Instead of a bunch of in-jokes and had-to-be-there stories only relevant to a few people in the room, this speech was all about the music that had defined various moments in this woman’s life (complete with corresponding photos and album covers!). Everybody was intrigued, laughing, and loving it – even total strangers like me.
Music has such universal power and can evoke such strong responses, whether you’re a die-hard fan, an occasional radio listener, or a dancer who uses it in class every week. That’s why this speech was instantly so relatable – as she told us what she was going through when she bought that New Kids On The Block album, we all had our own memories associated with those songs. Her story about hearing Prince for the first time also brought back a flood of stories for everybody else. When she went through her Kate Bush phase, others reminisced about theirs.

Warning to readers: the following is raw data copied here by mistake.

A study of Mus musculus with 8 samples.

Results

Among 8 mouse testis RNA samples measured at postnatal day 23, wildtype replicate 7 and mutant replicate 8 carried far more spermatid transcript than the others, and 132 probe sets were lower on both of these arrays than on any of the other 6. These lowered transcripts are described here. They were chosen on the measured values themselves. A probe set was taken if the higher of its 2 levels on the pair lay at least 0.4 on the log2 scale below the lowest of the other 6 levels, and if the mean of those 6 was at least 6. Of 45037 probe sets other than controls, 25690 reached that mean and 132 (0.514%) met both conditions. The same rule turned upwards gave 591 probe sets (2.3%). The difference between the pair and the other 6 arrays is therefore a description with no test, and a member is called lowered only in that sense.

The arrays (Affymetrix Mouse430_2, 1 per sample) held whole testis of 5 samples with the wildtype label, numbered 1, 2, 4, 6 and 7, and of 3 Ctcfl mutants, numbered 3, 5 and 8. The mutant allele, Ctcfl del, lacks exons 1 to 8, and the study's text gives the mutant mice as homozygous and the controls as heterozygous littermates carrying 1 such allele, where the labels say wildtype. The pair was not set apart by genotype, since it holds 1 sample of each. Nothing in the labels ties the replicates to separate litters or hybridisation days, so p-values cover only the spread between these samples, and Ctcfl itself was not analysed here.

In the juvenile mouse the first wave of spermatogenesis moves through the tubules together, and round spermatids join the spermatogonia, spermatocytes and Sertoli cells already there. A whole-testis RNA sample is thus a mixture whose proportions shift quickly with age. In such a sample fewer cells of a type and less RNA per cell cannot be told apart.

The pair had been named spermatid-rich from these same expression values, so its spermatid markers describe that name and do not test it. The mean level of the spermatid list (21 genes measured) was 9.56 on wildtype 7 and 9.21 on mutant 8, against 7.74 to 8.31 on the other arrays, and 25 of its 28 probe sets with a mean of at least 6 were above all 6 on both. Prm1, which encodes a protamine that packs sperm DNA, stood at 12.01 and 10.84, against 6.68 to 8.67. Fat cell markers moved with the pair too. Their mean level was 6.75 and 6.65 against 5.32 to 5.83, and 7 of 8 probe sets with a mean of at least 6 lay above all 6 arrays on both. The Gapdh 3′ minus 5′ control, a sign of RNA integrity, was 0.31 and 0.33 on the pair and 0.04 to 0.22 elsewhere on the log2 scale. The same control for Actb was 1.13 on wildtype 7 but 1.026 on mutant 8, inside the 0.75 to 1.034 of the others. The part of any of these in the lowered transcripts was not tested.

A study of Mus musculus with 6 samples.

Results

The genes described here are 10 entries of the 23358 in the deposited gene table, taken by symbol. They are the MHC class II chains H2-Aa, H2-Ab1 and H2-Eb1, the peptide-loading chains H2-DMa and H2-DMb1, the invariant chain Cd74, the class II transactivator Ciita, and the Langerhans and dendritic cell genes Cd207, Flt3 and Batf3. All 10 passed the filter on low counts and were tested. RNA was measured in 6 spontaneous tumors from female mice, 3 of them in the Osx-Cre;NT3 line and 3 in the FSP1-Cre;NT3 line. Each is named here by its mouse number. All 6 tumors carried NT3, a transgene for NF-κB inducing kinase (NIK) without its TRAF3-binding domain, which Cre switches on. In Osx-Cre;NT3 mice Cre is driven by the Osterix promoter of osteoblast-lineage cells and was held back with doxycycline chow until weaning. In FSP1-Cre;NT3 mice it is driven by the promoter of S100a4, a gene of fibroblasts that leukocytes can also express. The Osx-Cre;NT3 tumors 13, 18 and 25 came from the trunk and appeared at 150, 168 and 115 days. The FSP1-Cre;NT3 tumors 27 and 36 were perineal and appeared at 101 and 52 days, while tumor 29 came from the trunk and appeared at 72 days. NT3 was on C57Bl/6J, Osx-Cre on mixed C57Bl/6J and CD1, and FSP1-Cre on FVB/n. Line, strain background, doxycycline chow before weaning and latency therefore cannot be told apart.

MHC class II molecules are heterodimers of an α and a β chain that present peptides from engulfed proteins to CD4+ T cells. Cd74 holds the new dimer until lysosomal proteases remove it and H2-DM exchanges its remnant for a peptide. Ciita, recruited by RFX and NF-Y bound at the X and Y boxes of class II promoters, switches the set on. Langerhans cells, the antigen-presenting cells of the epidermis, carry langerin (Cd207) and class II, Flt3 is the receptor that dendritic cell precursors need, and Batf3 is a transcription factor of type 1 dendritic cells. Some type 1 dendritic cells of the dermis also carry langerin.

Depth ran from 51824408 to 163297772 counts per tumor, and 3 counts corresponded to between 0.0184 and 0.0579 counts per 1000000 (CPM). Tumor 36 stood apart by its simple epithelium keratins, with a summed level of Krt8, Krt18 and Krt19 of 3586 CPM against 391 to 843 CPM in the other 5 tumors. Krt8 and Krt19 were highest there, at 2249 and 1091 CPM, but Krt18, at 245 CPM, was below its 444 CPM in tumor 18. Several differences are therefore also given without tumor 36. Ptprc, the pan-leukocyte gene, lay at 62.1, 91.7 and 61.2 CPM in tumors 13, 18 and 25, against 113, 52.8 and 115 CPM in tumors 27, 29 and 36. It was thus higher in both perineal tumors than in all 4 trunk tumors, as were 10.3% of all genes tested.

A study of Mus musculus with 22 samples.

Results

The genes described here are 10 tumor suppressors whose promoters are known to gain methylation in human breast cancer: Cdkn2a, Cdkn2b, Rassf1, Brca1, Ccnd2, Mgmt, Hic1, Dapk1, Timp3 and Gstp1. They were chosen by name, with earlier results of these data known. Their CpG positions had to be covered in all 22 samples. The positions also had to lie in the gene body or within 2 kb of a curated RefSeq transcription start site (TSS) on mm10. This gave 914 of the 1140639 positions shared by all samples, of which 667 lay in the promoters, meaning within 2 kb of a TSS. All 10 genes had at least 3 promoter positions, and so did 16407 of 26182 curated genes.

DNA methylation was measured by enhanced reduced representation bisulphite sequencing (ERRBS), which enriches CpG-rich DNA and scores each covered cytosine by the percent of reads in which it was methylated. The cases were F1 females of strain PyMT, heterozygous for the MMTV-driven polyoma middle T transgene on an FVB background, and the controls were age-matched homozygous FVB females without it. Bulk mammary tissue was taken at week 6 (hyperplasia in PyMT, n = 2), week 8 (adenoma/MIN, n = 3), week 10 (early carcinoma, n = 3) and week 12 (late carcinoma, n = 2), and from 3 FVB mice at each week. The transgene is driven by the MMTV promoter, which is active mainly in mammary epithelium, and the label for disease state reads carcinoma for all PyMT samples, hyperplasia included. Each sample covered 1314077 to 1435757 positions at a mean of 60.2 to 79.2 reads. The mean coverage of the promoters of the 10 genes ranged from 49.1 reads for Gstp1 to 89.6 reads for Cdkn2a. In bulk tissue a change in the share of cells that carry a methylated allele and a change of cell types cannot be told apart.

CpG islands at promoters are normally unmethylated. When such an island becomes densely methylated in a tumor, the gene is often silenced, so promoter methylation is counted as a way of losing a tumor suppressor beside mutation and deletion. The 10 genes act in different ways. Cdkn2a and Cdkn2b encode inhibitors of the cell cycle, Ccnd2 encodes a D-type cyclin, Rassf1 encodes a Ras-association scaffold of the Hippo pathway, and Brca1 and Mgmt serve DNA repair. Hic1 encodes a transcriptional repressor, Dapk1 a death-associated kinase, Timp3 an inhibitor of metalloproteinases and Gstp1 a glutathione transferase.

I love how music becomes this backdrop for such a huge range of experiences. And how our associations with certain songs can change over time, as we make new memories and move on to different seasons.
As a dance teacher, I love that music plays such a huge part in my life, not only in terms of enjoyment but also for ‘work’. We discover new music together, songs that our students hear for the first time in Term 1 become favourites a few months later, and of course, concert songs will have lasting memories for years to come. Who knows, maybe some music you’ve been dancing to lately will make it into a speech at your 40th birthday!